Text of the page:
As you consider filing for Chapter 7 or Chapter 13 bankruptcy, you may be understandably concerned about the effect it will have on your credit score.
The damage done to your score will depend most heavily on how good your credit was from the start.
If you already have a history of financial delinquency on many different accounts and you have a large debt-to-asset ratio, you already have a poor credit score—meaning bankruptcy will not be able to do much to damage it. Your score will still dip, but there is only so far it is able to fall.
However, if you had an excellent credit rating before filing for bankruptcy, you could see a big plunge to you credit.
According to FICO, which is the most widely used credit scoring agency in the United States, it makes no discernible difference to your credit score whether you file for Chapter 7 or Chapter 13 bankruptcy. However, individual creditors might view someone who files for Chapter 13 bankruptcy as being more responsible than someone who files for Chapter 7, given that Chapter 13 involves the debtor sticking to a repayment plan.
Bankruptcy could help better your credit in the long term
Bankruptcy certainly will not provide you with any immediate assistance from a credit score perspective, but in it can be the best way to ultimately improve your credit score.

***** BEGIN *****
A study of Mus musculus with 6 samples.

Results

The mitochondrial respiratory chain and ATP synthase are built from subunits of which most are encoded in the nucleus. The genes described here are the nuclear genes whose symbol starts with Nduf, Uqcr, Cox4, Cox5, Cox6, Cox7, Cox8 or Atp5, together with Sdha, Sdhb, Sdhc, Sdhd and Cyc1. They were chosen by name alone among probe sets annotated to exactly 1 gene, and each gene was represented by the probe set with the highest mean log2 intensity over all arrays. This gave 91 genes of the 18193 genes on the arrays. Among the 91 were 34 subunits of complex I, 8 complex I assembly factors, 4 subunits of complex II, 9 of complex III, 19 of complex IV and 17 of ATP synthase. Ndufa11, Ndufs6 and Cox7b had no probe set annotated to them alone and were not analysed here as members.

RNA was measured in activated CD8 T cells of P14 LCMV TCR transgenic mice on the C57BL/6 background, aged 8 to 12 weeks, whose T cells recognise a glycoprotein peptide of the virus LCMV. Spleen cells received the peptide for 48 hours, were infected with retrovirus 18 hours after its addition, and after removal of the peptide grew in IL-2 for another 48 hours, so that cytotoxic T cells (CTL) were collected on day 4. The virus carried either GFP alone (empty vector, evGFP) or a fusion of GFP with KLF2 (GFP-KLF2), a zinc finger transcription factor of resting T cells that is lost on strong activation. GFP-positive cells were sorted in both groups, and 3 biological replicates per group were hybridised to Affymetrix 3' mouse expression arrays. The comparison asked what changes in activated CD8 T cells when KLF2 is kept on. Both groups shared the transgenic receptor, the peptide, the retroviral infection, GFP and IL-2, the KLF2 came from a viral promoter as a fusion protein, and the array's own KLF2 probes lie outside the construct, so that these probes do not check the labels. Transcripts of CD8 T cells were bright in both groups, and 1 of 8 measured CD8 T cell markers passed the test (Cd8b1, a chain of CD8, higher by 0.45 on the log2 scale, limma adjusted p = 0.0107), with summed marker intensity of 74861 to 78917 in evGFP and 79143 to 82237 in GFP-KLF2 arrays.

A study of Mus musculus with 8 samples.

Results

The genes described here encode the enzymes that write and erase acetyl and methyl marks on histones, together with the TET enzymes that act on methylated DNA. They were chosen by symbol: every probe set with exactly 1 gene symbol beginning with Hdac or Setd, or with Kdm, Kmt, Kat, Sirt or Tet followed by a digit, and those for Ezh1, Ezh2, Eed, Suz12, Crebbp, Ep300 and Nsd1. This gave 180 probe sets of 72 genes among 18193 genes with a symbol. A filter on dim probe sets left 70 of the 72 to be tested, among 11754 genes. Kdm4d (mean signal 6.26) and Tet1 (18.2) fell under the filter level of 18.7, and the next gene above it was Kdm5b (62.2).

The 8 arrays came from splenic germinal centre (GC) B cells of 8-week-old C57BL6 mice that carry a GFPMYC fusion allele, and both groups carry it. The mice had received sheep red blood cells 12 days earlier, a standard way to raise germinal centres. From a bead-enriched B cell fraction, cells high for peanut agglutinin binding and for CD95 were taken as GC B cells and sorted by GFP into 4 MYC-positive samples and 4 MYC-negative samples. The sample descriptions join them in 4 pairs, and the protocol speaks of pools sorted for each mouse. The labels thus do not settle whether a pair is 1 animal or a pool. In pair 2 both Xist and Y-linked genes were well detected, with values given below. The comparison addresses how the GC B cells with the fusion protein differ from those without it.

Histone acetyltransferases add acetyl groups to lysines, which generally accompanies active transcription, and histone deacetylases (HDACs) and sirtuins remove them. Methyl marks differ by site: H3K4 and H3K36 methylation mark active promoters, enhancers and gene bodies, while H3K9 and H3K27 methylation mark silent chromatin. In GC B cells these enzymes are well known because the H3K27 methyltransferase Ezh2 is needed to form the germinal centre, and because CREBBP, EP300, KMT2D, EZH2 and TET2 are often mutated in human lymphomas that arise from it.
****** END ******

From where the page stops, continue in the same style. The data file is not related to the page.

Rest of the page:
If you are falling behind on your loan payments or have accounts going through collection, bankruptcy can wipe the slate clean and get you back on your feet much quicker than other forms of debt management. Bankruptcy can greatly reduce your overall debt load, making it easier for you to regain control of your finances and make your payments on time. In the long term, making these timely payments and reducing your debt-to-income ratio helps you build up your credit score.
If you instead avoid filing for bankruptcy and continue to make late payments and default on your loans, you will continue to be trapped in a credit score nightmare.
Securing loans or credit after filing for bankruptcy
Your ability to get new loans or credit after filing for bankruptcy depends mostly on what you are looking for. Bankruptcy filers often find themselves overwhelmed with credit card offers after the bankruptcy is final, but these offers tend to come with extremely high interest rates and fees.
You will also likely be able to get a car loan, but may be forced to settle for subpar lenders, which means higher interest rates and less-than-ideal terms.
It could take some time to qualify for a mortgage, though you could get an FHA-insured mortgage in a little over a year after filing for Chapter 13 and two years after filing for Chapter 7. Conventional mortgage loans will take more time.